A series of new polls dropped on the Tuesday after Independence Day, and they hit Democrats’ hopes for the midterms like a bombshell. By nearly every metric—including polling on abortion—President Joe Biden, his party, and its policies are under the political gun.
The data are from the Harvard/Harris poll, the Monmouth poll, and YouGov, all of which are considered mainstream—if not left-leaning—sources. A quick overview of how voters feel about the condition of their nation after almost 18 months of Democratic governance:
88 percent of Americans believe the nation is heading in the wrong direction.
57 percent believe the federal government is making things worse on the most important issues.
54 percent say the middle class isn’t benefiting from Biden administration policies.
60 percent say Biden isn’t mentally fit for the job of president.
64 percent say Biden is too old to be president.
The Monmouth poll finding just 10 percent of voters believe the country is on the right track is the lowest number ever recorded since the pollster began asking the question in 2013. And more bad news: 68 percent of respondents to the YouGov poll said they believe the economy is getting worse—the highest percentage since at least 2009.
On the issues, Democrats are also in a tough spot. Their focus is on abortion, guns, and January 6. According to Monmouth, however, voters rank the issues in order of importance like this:
15% gas prices
Biden’s approval on the top four issues is at or below 30 percent.
In the Harvard/Harris poll, four of the top five issues are all strong for the GOP:
Guns, Trump, and social justice are down in the low single digits. Even if Democrats make progress pushing those issues, they do not have the impact to move nearly as many voters as the Republicans’ issues do. Is it any wonder GOP-allied groups are running ads like these targeting U.S. Sen. Maggie Hassan on the cost of living?
And then there’s abortion. Polls have consistently shown the U.S. Supreme Court’s Dobbs decision has highlighted the issue since the draft of the ruling first leaked last spring. Since the actual decision was released, the temperature has clicked up even higher. And yet it still can’t compete with inflation and energy prices as a priority.
But even if it could, the Harvard/Harris poll shows what virtually every poll in the past year has: Democrats are far out of touch with most voters on abortion policy. Note that these responses were from after the Dobbs decision was announced:
On overturning Roe: 45 percent support/55 percent oppose.
On banning all abortion, with exceptions for rape and incest: 37 percent support.
On banning abortions (with exceptions) after six weeks: 49 percent support.
On banning abortions (with exceptions) after 15 weeks: 72 percent support. And that includes 60 percent of Democrats.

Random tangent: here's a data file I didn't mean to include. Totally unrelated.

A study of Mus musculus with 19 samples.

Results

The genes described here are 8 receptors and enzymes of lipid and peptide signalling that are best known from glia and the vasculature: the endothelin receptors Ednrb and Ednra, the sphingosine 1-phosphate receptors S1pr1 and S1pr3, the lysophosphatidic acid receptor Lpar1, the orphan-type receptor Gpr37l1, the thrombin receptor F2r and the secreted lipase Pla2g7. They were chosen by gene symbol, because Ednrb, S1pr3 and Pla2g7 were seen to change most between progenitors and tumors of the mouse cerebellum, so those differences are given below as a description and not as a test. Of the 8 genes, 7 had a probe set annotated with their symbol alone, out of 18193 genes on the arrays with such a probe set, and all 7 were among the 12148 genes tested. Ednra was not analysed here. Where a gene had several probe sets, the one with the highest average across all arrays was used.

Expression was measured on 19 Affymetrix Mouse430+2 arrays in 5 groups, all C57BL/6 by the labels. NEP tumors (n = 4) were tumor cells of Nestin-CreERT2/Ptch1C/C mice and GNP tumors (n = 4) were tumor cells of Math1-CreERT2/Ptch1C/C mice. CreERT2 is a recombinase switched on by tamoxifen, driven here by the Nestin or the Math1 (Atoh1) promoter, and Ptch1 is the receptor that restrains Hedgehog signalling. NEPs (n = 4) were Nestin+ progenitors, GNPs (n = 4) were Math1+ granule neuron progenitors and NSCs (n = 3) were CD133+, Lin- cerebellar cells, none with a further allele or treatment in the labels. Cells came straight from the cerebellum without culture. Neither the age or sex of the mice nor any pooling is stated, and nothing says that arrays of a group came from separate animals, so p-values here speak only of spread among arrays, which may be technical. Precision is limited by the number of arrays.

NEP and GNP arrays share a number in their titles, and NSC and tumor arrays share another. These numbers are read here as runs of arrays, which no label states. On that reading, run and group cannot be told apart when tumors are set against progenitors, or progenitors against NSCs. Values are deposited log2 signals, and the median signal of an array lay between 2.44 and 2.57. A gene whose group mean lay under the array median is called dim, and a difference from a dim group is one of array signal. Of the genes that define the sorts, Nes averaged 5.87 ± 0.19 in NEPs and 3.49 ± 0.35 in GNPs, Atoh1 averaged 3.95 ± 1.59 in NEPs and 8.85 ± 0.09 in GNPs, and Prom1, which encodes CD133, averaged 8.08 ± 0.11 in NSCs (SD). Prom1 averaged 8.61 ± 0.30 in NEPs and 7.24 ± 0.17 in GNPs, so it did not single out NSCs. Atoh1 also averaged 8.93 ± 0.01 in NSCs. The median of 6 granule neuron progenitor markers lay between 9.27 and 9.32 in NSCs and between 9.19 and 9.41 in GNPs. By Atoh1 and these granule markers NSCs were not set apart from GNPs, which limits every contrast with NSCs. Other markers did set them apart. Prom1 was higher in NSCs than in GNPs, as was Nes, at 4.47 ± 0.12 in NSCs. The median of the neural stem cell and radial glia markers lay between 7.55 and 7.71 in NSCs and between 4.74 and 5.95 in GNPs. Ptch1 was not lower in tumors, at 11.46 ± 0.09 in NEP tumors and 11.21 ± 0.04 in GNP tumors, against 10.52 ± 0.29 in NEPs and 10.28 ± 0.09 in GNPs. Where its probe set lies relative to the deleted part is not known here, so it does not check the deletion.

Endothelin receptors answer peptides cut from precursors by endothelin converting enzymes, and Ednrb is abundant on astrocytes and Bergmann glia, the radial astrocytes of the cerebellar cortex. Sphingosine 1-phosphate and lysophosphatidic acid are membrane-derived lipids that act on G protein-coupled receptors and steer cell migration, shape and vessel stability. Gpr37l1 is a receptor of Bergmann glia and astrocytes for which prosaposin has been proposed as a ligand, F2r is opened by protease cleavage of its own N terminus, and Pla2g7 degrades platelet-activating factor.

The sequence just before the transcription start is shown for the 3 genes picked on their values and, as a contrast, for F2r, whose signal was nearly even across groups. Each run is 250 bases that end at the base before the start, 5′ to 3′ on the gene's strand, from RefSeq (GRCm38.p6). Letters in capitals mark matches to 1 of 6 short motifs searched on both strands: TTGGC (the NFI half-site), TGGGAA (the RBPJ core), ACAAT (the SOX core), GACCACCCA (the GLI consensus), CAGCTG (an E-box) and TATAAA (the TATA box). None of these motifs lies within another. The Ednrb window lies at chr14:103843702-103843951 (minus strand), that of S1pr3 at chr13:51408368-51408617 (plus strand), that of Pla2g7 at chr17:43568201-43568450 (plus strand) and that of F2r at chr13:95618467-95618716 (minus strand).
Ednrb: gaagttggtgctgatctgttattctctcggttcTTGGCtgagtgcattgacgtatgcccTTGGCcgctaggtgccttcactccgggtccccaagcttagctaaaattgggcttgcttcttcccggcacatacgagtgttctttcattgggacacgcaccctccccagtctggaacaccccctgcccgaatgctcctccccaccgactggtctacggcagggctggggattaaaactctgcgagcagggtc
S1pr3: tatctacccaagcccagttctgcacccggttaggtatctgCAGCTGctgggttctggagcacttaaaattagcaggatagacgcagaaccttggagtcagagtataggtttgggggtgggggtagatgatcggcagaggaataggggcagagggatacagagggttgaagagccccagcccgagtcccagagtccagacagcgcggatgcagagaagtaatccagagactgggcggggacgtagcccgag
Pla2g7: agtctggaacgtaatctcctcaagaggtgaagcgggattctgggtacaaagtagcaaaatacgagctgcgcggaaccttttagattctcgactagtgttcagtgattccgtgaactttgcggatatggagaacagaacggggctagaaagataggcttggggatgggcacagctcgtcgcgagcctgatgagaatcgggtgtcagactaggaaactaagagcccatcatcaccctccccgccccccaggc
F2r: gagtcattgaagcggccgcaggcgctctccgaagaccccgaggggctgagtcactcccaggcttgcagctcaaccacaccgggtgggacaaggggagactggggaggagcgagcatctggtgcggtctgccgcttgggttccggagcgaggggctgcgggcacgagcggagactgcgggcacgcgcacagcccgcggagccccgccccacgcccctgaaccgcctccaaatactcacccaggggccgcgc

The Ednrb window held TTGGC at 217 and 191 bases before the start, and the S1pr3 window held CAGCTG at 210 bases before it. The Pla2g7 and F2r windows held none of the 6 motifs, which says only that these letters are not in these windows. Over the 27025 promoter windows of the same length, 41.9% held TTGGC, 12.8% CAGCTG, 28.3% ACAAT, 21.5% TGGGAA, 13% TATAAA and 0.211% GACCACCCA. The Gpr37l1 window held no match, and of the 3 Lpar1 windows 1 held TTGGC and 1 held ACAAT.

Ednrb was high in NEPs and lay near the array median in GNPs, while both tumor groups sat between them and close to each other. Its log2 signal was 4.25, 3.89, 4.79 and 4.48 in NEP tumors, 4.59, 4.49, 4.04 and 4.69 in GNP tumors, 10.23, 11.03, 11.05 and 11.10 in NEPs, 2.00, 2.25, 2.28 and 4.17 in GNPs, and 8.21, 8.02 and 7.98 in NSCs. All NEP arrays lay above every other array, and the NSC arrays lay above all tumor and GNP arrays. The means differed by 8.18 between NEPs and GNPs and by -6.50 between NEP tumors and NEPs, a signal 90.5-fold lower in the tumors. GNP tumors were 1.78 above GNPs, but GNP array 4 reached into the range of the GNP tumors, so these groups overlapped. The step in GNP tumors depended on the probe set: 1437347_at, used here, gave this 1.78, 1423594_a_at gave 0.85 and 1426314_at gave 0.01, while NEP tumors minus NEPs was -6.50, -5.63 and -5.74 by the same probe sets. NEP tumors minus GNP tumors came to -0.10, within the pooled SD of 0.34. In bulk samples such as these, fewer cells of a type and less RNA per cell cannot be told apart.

In other words, only a small percentage of the political fringe supports the abortion-without-restriction policy that the four Democrats in the state’s federal delegation have repeatedly voted for as members of Congress.
Is the Roe decision impacting voter behavior? No surprise that Republicans and Democrats both say they are more motivated to vote by it—although for opposite reasons. And independent or unaffiliated voters? Yes; 25 percent say they are more likely to vote Democrat and 27 percent say they are more likely to vote Republican because of the Dobbs ruling.
“All of the activists in the twitterverse should take note – kitchen table issues continue to dominate the concerns of voters,” said Dr. Wayne Lesperance, Provost and Professor of Political Science at New England College. “All the emphasis on SCOTUS decisions, however impactful, are not resonating with voters. The cost of everything without obvious relief is on the minds of voters.”
Even the attacks on the Supreme Court aren’t working. A majority of independents (58 percent) and Democrats (54 percent) say the court is “legitimate,” and 66 percent of Democrats say it is wrong to attack the court as illegitimate.
Meanwhile, the most important number for predicting a party’s performance in the midterms is the president’s approval rating. Biden’s at the lowest point of any president at this point in his term, with a net approval of -18.5 percent in the RealClearPolitics average. And because Americans already have questions about his ability to serve—a majority believe he’s unfit—every misstep in the next four months is going to move that number lower.
The last time a president was this low in the polls for a misterm was never.
“On July 8, 1978, Jimmy Carter’s job approval numbers were 40 positive, 41 negative, 19 no opinion,” notes Lesperance. “Those numbers are better than Joe Biden’s current numbers. While Joe Biden has not yet given a ‘malaise’ speech. Malaise was used to describe the mood of voters at that time.
“It seems to me that malaise is back and respondents are fixing blame on the president.”